Pike County Streams: Our Valuable Natural Treasure

Watershed specialist Rachel Posavetz, showing off a macroinvertebrate in a Pike County Stream

By Rachel Posavetz, PCCD’s Watershed Specialist

Pike County has an abundance of unique waterways, more than 1,800 miles of streams, nearly ninety lakes and dozens of ponds. These resources contribute to our quality of life, the natural landscape, and the tourism in the area.

The clean lakes and fishing streams in Pike County contribute to the tourism and outdoor recreation in the Pocono Mountain region, helping to draw the almost 30 million visitors annually. According to a 2018 study by Tourism Economics, over $3.3 billion is spent on travel in the Pocono Mountains region annually. Our High Quality (HQ) and Exceptional Value (EV) streams and healthy water bodies are significant sources of economic value.

To protect the outstanding water in Pennsylvania, the PA Chapter 93 water quality standards were enacted. This established the special protection designations of “High Quality” and “Exceptional Value” to provide sufficient protection to Pennsylvania’s highest quality waters.

High Quality (HQ) and Exceptional Value (EV) designations are reserved for the cleanest waters in all of Pennsylvania, which are considered important natural resources to be properly protected and maintained. Most impressively, all the surface waters in Pike County, excluding the Delaware River, are designated as either HQ or EV.

What Qualifies Surface Waters as High Quality or Exceptional Value?

                High Quality (HQ) waters must meet specific chemistry or biological conditions, if not both. The chemistry standards must include at least one year of water quality data meeting scientific criteria established within Chapter 93 of the PA Code, measuring specific parameters such as dissolved oxygen, temperature and pH (acidity & alkalinity) among others.

Dragon fly nymph under water

Dragonfly Nymph, a type of a macroinvertebrate, in a stream in Pike County

For biological conditions to be met, a high quality aquatic community must be supported in that water body. As determined by Environmental Protection Agency (EPA) assessment protocols, the benthic macroinvertebrate (aquatic insects, shellfish, etc.) community must receive a health rating of at least 83%. Lastly, “Class A wild trout streams” as designated by PA Fish and Boat Commission (PAFBC), will qualify a surface water as HQ.

Exceptional Value (EV) Waters are those that will firstly meet HQ standards, and one of several other factors that qualify the surface water for additional protection. These other qualifying conditions include:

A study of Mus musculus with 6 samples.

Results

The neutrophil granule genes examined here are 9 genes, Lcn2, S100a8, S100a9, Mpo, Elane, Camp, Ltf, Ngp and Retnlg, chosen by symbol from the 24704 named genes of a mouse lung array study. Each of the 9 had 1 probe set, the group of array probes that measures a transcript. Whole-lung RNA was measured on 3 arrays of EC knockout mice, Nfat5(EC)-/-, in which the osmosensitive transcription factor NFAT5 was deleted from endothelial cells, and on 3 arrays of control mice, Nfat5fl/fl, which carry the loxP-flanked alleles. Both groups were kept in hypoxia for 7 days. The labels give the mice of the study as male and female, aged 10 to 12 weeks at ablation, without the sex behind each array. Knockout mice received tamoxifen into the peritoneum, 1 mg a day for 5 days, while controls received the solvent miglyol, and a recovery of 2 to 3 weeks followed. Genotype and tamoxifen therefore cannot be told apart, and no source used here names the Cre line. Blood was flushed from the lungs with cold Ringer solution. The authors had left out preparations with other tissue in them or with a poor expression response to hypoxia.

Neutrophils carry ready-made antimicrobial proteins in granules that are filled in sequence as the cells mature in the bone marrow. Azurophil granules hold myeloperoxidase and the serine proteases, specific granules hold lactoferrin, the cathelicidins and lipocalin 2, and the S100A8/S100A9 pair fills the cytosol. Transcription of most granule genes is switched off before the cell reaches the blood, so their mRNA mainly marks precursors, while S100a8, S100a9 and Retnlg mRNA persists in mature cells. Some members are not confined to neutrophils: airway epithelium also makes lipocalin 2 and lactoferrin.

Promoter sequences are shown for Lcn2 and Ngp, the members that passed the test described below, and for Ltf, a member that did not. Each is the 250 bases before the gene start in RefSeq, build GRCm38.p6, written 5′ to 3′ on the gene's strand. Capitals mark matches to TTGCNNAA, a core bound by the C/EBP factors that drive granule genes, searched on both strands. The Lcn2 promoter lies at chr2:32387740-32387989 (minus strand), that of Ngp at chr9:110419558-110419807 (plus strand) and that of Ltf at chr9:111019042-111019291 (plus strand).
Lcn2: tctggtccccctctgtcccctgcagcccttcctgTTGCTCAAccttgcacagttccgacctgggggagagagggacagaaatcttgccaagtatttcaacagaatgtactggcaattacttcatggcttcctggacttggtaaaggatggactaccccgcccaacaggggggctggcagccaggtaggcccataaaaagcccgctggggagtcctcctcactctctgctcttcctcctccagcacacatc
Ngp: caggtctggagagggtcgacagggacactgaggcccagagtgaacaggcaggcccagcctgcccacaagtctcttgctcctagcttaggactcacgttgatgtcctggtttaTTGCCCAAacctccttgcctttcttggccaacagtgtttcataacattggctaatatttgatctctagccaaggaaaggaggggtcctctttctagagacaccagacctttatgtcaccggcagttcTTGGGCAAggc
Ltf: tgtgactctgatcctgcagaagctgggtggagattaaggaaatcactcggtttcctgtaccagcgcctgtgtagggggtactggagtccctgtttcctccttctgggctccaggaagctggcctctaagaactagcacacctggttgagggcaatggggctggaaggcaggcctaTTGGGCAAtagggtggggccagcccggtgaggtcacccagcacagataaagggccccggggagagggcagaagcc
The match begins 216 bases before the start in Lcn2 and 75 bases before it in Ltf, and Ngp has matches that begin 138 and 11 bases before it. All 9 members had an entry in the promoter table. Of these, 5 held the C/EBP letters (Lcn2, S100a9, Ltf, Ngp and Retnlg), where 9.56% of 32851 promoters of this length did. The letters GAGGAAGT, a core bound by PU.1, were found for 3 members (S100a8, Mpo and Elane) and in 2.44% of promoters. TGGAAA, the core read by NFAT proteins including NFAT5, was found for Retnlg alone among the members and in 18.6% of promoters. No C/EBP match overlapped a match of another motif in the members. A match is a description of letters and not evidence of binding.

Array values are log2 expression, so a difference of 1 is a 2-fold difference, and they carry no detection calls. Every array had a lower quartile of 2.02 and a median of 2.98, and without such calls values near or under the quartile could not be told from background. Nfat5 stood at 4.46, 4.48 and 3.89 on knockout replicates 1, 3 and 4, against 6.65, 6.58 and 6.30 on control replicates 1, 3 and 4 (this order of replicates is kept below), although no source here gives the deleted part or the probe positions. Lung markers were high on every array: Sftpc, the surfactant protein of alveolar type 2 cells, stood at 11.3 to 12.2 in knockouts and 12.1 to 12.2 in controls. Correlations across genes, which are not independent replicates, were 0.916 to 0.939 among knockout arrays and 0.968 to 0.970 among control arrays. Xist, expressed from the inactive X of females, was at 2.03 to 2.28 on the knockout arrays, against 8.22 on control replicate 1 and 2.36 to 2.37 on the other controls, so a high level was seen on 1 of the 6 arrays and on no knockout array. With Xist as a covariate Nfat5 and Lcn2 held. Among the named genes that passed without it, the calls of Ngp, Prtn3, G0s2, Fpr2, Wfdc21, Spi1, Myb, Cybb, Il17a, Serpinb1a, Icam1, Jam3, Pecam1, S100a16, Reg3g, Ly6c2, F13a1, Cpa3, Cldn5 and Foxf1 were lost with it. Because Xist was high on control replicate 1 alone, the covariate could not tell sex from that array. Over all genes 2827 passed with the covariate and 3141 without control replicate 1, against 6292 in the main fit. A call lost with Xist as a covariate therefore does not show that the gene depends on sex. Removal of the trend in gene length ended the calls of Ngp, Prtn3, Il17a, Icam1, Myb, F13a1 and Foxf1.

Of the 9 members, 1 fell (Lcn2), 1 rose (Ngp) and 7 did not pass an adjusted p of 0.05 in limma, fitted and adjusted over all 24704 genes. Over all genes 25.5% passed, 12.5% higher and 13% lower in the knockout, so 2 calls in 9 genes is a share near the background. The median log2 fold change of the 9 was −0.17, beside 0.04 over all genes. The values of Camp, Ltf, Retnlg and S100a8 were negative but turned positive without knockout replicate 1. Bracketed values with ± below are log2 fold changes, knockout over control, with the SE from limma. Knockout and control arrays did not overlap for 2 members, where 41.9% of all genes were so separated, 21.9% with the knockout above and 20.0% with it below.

• the surface water being located in a refuge or protection area or a state or federal special designation area
  • the surface water being designated as a PAFBC “wilderness trout stream,” or designated as “exceptional recreational significance”
  • if the surface water scores 92% or higher on the EPA bioassessment protocol for benthic macroinvertebrate community (aquatic insects, shellfish, etc.)

A surface water designated as having an “exceptional ecological significance” is considered EV without requiring any other standards to be met.

What does all of this mean to you?

HQ and EV designations can improve your local area by increasing the chance of receiving funding for upgraded wastewater treatment facilities and increasing  funding available  through PA Dirt, Gravel, and Low Volume Road Maintenance Program grants. EV designation prevents radioactive and hazardous waste disposal facilities from being located in your watershed. These designations help to ensure Pike County will have clean water for many years to come.

Having these designations on Pike County’s surface waters DOES NOT impact activities existing prior to the designations being placed, because they have been grandfathered in. Municipal governments are NOT liable for cleaning up streams nor required to change local ordinances. Many common activities are not impacted by these designations, most road maintenance projects, most farm practices, and on-lot sewage systems are NOT affected.

To ensure protection of HQ and EV surface waters, the PA Department of Environmental Protection (DEP) requires specific authorization for certain types of disturbance activities in or near these areas. The Conservation District is the local clearinghouse for information and technical assistance related to projects in or around HQ and EV waterways. Contact the District for more information before starting your project.